Four themes set to drive currencies in 2014 and 2015
There are four big trends that are likely to drive foreign-exchange markets over the coming two years. First, we think that the Federal Reserve’s reduction in its asset purchases and expectations regarding when the Fed will raise interest rates will again dominate, but that it will prove to be a more benign process than the dry run over the summer. Second, we expect strong global growth in 2014 and 2015, which will bring cyclical differences between currencies more sharply into focus. Our third theme is positive investor appetite, which will result in a focus on a search for yield as well as fundamentals. Finally, we expect a lacklustre performance in commodity prices, with a few exceptions, which will hurt the performance of commodity currencies.
EUR/USD to move lower
The euro-dollar pair defied our expectations of a drop in 2013, to move slightly higher instead. However, the stars should finally align to push the EUR/USD lower in 2014 and 2015. We expect a chasm to open up between the direction of monetary policy on either side of the Atlantic. The Fed is likely to start tapering its asset purchases in March of next year, while we expect further action by the ECB to fight uncomfortably low inflation. Meanwhile, we expect the Fed to start hiking rates in 2015, compared to a more extended period of accommodative policy in the eurozone. In addition, we expect a sharp acceleration in US economic growth, contrasting to only a sluggish recovery in the eurozone.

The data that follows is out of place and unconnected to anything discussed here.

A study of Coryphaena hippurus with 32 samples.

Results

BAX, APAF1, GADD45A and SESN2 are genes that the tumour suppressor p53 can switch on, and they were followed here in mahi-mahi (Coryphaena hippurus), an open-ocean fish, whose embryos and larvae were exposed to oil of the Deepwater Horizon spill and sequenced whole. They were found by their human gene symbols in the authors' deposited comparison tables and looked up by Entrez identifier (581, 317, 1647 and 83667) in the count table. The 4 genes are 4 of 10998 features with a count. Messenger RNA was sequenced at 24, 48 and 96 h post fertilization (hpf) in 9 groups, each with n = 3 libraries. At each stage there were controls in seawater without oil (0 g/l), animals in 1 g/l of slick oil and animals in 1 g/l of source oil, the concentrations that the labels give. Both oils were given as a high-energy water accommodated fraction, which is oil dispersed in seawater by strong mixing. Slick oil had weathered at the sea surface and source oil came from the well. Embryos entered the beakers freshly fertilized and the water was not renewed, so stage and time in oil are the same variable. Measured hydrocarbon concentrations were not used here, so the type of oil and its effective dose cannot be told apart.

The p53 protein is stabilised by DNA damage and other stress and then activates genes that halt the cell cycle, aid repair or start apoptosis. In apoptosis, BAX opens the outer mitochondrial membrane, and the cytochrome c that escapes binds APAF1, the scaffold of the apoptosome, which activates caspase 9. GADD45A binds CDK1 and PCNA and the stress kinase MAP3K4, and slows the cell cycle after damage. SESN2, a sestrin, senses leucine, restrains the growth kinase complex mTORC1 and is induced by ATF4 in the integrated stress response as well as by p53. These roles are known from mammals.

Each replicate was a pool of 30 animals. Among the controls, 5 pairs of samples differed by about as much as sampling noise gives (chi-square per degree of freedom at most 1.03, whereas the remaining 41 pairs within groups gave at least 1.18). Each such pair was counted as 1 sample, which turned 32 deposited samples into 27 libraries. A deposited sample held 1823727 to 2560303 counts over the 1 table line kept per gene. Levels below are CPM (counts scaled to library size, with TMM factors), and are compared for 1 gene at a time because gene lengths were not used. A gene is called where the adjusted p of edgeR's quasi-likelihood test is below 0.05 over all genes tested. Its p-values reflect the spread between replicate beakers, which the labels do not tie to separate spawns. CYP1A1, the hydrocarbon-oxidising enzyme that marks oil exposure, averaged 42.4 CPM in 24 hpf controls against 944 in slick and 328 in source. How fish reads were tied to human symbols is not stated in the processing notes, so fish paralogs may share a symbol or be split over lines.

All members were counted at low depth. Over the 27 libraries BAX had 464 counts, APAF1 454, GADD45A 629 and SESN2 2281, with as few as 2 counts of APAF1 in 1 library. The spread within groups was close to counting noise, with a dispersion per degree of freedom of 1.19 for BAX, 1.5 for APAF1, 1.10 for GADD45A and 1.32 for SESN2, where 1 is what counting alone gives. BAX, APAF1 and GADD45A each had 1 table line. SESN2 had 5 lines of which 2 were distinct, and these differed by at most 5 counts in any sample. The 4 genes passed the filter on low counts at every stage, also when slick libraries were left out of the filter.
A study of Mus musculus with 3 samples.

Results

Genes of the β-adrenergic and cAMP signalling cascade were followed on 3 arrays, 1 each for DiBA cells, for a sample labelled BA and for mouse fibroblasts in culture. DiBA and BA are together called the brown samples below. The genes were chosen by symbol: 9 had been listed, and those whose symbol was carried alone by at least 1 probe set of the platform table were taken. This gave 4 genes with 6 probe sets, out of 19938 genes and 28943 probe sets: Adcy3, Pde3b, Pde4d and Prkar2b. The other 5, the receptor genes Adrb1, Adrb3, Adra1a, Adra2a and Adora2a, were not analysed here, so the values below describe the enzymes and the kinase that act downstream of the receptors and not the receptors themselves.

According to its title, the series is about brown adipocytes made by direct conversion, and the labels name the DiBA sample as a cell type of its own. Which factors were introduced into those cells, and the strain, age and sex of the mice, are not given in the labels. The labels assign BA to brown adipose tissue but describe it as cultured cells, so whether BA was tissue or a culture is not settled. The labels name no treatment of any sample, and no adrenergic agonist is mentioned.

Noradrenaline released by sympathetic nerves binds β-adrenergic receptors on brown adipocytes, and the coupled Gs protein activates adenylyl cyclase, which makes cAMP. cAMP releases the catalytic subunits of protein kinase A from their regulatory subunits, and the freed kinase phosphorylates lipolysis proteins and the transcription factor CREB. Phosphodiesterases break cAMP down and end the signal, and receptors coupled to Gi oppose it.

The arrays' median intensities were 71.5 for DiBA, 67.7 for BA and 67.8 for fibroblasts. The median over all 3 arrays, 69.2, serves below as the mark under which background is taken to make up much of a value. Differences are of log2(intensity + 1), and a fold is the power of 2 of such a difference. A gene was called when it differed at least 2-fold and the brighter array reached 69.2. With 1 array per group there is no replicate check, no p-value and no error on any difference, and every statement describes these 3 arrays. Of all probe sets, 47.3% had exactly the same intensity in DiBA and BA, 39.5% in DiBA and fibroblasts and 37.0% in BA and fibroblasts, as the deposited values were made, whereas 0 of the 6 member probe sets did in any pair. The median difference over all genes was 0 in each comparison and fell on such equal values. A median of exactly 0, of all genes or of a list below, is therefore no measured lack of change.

Our currency top and bottom picks
Indeed, the US dollar is our top pick more widely. Sterling and the Swedish krona also number among our favourites. In the case of the pound, we have an above-consensus view on the economy and expect earlier and above-consensus rate hikes. The Swedish Krona could also benefit from an upswing in the Swedish economy, as we judge that the market is currently too pessimistic on the outlook for economic growth and monetary policy. The Swedish currency is our preferred Scandinavian currency, because it is more cyclical, has a lower exposure to commodities and a more attractive valuation. Turning to emerging markets, we expect currencies with a substantial exposure to global trade and the US economy and that yield attractive returns to do well. We are therefore positive on the Chinese yuan, Korean won, Mexican peso, Chilean peso and the Polish zloty. The yuan should also be generally be supported by the liberalisation of the capital account, but in contrast to 2014, it could be hurt by a slowdown in growth in 2015. We are negative on commodity currencies, including the Australian dollar, the New Zealand dollar and the Canadian dollar. We also do not favour safe-haven currencies, such as the Japanese yen and the Swiss franc.